This is a sometimes 'cheesey' blog about British and American politics and anything else which tickles my fancy!

Sunday, 7 September 2008

The week in politics

I started a new job this week and I am in the process of moving house at the moment so I haven't been blogging as frequently as I should, but by the end of the month I'll be back to normal.

However, two things stand out from the past week:

One, Charles Clarke's criticism of Gordon Brown was neither surprising nor particularly useful. But he did articulate what many Labour Party members are privately thinking. In fact, I thought he was too generous to the Prime Minister. He says Gordon has months to turn things around. I think he has a matter of weeks. The announcements this week by the government regarding the housing market and energy prices will go some way to alleviating concerns. But while these measures will help some people, they don't add up to a wider vision of what the government stands for. There is still no clear sense of purpose or direction. We need to see this over the forthcoming weeks and Brown needs to do a total mea culpa at Conference if the situation is to be improved even in the slightest.

Two, I am more convinced than ever that John McCain made a disastrous choice when he picked Sarah Palin as his VP. Although, she gave a barnstorming speech at the Republican convention (compared to McCain's lacklustre and plodding effort) she is inexperienced and lacks political judgement. Her extreme right wing stance on the issues and the question marks raised over her judgement back in Alaska should be areas which the Obama campaign can exploit ruthlessly. In choosing Palin, McCain shows us what a reckless and impulsive decision maker he actually is. You would have thought that after eight years of George W. Bush, Americans might want a more measured, thoughtful President. McCain's choice of Palin is pure political opportunism. Obama's choice of Biden shows someone who is serious about governing.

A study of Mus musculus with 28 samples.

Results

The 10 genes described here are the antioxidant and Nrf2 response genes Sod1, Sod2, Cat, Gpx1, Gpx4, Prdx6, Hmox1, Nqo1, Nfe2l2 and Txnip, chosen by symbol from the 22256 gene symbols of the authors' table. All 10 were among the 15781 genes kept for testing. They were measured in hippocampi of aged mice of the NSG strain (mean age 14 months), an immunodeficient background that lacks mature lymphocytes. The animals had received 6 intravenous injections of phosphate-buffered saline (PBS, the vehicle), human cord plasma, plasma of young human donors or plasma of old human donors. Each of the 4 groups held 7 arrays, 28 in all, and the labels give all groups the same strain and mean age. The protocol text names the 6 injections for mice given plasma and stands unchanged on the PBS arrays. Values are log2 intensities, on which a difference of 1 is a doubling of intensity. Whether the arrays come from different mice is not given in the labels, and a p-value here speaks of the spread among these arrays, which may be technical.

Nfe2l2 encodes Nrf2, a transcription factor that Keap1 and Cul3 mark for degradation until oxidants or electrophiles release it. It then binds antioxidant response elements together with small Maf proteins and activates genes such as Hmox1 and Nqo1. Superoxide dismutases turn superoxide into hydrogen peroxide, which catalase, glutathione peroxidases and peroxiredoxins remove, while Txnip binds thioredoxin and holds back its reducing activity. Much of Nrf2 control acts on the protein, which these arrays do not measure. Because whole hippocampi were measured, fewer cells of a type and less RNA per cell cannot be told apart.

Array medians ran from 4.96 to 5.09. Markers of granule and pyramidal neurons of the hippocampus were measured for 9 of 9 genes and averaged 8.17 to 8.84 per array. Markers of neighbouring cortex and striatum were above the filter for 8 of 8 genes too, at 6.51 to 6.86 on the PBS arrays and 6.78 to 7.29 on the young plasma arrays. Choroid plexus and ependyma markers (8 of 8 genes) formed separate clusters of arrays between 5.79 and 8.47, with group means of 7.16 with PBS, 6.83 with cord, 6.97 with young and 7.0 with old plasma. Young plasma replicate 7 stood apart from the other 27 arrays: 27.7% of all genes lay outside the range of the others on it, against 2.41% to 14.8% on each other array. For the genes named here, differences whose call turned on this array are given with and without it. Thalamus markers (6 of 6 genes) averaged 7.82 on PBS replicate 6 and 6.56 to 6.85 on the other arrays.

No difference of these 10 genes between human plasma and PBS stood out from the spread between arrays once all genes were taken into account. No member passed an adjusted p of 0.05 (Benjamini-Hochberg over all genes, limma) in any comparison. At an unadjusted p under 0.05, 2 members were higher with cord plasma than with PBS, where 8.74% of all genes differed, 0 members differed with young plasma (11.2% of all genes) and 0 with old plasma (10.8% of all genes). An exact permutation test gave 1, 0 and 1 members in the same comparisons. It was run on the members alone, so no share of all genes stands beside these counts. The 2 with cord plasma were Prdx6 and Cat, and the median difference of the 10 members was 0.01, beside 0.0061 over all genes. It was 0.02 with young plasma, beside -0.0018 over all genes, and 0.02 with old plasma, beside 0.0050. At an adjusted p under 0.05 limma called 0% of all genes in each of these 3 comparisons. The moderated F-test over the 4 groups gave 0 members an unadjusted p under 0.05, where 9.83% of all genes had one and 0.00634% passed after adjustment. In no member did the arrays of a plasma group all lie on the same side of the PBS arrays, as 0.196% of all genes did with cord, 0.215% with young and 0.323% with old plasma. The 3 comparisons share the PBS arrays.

Anonymous said...

I think you are right about Brown. Many of us have totally given up on him now. However, whether the men in white coats are prepared to knock on his door remains to be seen.

Mark said...

I couldn't agree with you more on the Palin issue.

There is however one thing that is missing on your article, the choice of Palin has giving the republicans an average of 2.5% lead in the polls.

I am behind Obama 100% but I am worried about how the Democrats are going to bounce back from this. Was it Obama's comment that has hurt his numbers or rather the lack of unity amongst the Democrats?